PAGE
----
To the Editor:
The concept of trainee wellness is a vital part of the discourse on improving the design and quality of undergraduate and graduate medical education. The study of physical and psychosocial wellness is encouraging as the links between wellness and performance, satisfaction, and resilience are strengthened.1 But as the practice of medicine is transformed by the digital age, definitions and applications of wellness should also reflect the evolving ways in which physicians engage and interact with their patients and colleagues digitally, electronically, and online.
Three aspects of “digital wellness” offer relevant ideas about how trainees may be better supported and prepared for the transition to contemporary practice. First, caring for patients in a digital environment is a frontier that, if not empathetically and effectively addressed during medical training, may have unanticipated consequences on the patient–clinician relationship.2 Today’s trainees may be facile users of technology who are accustomed to transitioning from “scene to screen,” but new platforms, including online patient portals tied to electronic health records, as well as telemedicine for triage, consultation, and rural primary care, are reshaping how both patients and physicians use digital media in clinical contexts. To deliver high-quality care and sustain career satisfaction, trainees may benefit from learning experiences that engage these technologies while remaining grounded in the principles of patient-centered practice.
Second, trainees can contribute to new standards for physician professionalism in the social media era. While the American Medical Association endorses separating one’s personal and professional online identities,3 trainees can and should help define more practical approaches to maintaining a digital presence that is accessible and acceptable to both patients and the profession. The Accreditation Council for Graduate Medical Education can strengthen these efforts by including online behavior as part of the professionalism core competency, which may help to reduce potential future repercussions in clinical practice.4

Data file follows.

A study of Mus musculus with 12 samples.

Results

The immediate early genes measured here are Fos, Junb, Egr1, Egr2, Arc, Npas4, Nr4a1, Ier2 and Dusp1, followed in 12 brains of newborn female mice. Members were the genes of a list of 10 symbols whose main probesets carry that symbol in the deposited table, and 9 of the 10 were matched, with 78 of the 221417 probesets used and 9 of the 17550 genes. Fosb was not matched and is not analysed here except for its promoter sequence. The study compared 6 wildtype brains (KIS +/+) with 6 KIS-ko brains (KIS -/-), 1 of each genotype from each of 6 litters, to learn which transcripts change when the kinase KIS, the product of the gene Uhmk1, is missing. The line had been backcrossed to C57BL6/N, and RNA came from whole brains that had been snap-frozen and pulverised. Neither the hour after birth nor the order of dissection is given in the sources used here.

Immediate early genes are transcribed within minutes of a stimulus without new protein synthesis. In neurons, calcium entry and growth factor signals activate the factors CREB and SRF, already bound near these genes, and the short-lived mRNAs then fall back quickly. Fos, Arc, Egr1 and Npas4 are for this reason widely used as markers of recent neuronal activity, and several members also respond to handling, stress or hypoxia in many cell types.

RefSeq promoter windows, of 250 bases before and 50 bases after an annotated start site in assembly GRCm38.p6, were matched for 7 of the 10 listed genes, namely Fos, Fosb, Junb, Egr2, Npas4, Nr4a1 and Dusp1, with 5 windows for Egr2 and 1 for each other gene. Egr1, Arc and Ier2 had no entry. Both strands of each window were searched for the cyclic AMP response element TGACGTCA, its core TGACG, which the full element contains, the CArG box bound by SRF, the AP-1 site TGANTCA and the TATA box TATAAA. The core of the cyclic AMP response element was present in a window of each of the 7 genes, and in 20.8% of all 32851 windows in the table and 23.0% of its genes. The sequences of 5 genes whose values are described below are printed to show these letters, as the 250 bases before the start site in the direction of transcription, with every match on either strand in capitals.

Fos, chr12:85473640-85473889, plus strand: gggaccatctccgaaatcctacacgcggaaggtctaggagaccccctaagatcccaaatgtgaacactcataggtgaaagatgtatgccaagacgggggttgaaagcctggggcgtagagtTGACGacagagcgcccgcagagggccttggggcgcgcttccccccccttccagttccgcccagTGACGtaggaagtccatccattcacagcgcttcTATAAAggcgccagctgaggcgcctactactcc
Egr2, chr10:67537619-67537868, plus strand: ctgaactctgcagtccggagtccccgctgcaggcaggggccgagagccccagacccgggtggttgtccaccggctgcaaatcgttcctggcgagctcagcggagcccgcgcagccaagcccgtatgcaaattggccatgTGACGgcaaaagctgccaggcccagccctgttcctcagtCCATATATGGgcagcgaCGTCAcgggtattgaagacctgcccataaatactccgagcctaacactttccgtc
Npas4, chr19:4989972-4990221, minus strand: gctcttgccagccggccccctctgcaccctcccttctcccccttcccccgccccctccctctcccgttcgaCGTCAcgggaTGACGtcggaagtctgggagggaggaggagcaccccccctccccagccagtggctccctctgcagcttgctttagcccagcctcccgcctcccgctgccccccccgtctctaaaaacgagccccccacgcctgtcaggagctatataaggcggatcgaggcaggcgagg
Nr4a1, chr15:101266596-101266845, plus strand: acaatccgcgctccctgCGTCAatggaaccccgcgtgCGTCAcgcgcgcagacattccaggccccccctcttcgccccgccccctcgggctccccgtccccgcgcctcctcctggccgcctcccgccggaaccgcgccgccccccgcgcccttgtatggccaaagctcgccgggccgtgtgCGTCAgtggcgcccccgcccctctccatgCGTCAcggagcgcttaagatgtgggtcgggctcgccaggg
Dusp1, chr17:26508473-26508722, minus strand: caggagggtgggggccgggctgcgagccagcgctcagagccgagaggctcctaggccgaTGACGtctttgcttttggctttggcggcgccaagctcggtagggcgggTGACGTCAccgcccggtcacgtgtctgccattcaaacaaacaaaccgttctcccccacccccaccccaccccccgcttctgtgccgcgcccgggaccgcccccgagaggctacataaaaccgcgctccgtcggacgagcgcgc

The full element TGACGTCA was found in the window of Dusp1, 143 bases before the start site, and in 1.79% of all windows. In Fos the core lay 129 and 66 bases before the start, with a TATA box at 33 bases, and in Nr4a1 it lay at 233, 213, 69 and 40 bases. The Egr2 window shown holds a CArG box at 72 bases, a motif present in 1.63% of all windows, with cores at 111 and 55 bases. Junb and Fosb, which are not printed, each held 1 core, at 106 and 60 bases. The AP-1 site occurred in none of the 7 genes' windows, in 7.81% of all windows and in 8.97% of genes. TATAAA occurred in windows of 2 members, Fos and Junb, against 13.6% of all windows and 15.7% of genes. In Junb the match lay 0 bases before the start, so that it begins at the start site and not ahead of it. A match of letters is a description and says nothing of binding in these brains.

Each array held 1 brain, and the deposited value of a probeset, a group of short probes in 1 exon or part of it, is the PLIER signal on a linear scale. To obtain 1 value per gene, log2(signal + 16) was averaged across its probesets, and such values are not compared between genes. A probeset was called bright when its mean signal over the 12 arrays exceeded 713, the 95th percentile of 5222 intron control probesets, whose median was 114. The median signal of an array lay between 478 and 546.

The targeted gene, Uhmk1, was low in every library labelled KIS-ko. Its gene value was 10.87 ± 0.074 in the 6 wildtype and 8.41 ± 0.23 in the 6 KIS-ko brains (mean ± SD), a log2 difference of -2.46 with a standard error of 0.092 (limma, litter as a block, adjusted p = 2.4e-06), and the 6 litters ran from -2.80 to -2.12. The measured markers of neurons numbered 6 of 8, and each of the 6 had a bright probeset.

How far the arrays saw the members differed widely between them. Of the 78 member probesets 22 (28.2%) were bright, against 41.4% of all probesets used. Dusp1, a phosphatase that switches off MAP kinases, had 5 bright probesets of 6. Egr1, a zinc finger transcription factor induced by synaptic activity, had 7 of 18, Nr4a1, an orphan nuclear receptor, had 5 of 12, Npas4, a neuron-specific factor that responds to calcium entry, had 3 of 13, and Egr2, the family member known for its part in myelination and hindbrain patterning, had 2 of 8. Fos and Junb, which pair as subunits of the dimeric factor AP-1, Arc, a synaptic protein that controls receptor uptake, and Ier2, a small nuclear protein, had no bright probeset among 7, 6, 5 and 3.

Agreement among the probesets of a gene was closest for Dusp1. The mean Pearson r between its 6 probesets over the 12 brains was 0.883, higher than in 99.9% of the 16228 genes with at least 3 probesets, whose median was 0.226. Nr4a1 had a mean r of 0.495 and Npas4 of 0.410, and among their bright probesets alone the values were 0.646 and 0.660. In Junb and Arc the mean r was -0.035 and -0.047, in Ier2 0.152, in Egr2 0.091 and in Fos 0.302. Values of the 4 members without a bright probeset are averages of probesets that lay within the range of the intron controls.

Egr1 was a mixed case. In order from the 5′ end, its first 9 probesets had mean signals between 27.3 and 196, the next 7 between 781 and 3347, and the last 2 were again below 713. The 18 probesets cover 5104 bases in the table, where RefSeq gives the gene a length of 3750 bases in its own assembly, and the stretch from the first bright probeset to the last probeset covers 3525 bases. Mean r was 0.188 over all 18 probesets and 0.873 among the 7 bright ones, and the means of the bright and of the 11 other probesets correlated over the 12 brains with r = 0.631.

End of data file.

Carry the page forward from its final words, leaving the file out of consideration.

Finally, as patients now use the Internet not only to find but also to compare and rate their physicians, trainees need to be aware of how online decision-support tools, ranging from the ProPublica Surgeon Scorecard to Yelp, will begin to affect their future practices and reputations. The brave new online world of patient-reported quality metrics may also have profound effects on the value-based payment models that will influence how trainees maintain their careers.
Digital wellness should not be overlooked as a component of contemporary training. Students and residents can support and be supported in efforts to enhance engagement with digital innovation in clinical practice and education.
Kevin Koo, MD, MPH, MPhil
Resident physician, Section of Urology, Department of Surgery, Dartmouth-Hitchcock Medical Center, Lebanon, New Hampshire; [email protected]
1. Lefebvre DC. Perspective: Resident physician wellness: A new hope. Acad Med. 2012;87:598602.
2. Toll E. A piece of my mind: The cost of technology. JAMA. 2012;307(23):24972498.
3. American Medical Association. AMA Code of Medical Ethics: Chapter 2.3.2. Professionalism in the use of social media. https://www.ama-assn.org/sites/default/files/media-browser/code-of-medical-ethics-chapter-2.pdf
. Published 2016. Accessed March 21, 2017.
4. Greysen SR, Chretien KC, Kind T, Young A, Gross CP. Physician violations of online professionalism and disciplinary actions: A national survey of state medical boards. JAMA. 2012;307:11411142.